The Key Dough Technique For Super Soft Roti

Roti is one of the most simple and ancient flatbreads in existence. (Its name comes from the Sanskrit word for bread, so there's no getting more archetypal!) There are many versions, but at its most basic, roti is made with two ingredients: flour and water. Roti seems easy enough to make at home and hard to mess up — until you compare your version with the unbelievably thin, soft versions served in good Indian restaurants. What's their secret for making soft roti? Letting the dough rest to relax the gluten. With a few tricks up your sleeve, you can give even this simplest of breads its highest expression.

The goal here is to make a soft, pliable dough. This involves two things we all need: proper hydration and rest. When adding water to your atta flour, you want to hit that sweet spot between properly hydrated and sticky, and it's best to use warm water to speed the relaxation of the gluten. Use a punching and folding method and knead until the dough is smooth and no longer sticky. When kneaded for around five minutes, your dough will be lovely and supple. As with yeasted bread, you can tell the dough is ready if you press lightly with your finger and it leaves an impression. After that, let the dough rest for at least 15 minutes; 30 is even better. Once rested, knead again briefly. Then form it into rounds to be rolled out and placed on a hot griddle.

Tips for making and storing soft roti

Keep the dough covered with a damp cloth or plastic wrap as you work, to prevent it drying out. Break the roti into smooth round balls. Lightly flour your surface and flatten gently using a rolling pin so you don't tear the dough. Be sure that the skillet is hot enough before you start cooking so that they cook in just a couple of minutes. The longer you cook them the more steam escapes and the drier they become. You can add a thin coating of oil or ghee once the rotis are cooked. Store the rotis in a pile, and be sure to cover them with a clean damp towel.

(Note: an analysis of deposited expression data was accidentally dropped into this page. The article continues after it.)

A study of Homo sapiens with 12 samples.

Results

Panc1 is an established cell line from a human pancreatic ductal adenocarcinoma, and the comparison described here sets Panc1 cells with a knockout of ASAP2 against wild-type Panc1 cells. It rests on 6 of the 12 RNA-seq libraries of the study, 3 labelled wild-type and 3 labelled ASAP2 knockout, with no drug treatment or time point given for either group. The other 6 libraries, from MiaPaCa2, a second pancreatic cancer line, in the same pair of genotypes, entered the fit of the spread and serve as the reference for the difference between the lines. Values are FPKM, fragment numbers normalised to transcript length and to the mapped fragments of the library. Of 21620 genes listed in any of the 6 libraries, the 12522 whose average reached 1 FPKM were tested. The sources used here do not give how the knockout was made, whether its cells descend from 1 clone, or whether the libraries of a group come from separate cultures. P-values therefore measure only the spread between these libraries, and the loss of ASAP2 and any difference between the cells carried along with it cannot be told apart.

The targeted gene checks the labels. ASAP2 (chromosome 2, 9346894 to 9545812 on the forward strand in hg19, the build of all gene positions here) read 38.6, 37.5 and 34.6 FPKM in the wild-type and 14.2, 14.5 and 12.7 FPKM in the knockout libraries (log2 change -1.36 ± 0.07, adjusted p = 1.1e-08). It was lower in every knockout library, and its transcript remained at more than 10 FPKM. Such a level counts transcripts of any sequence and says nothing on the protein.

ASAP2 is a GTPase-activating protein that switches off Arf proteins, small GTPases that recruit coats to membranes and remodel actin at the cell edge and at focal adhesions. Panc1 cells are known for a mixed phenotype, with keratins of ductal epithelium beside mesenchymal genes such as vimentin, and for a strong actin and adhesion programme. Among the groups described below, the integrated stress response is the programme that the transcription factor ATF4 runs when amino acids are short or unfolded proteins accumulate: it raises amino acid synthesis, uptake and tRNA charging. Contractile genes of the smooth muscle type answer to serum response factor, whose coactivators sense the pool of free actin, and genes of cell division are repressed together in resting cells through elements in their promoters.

There are many versions of roti, but for the most part, they require the same techniques to cook. The North Indian version, called chapati, is made from whole wheat flour (with optional salt and oil). This resting technique won't work for other traditional but non-gluten doughs made from corn flour, rice flour, or chickpea flour, but you can still be sure to hydrate, knead, and cook properly to ensure soft bread. Perhaps the softest version of roti appears in Trinidadian cooking as buss up shut, so-named because the torn bread resembles a tattered shirt. This dough is made with layers of butter or oil in a kind of laminating process, then allowed to rest for up to four hours. When it's almost finished cooking, the flatbread is torn to pieces with two spatulas and served with Curry.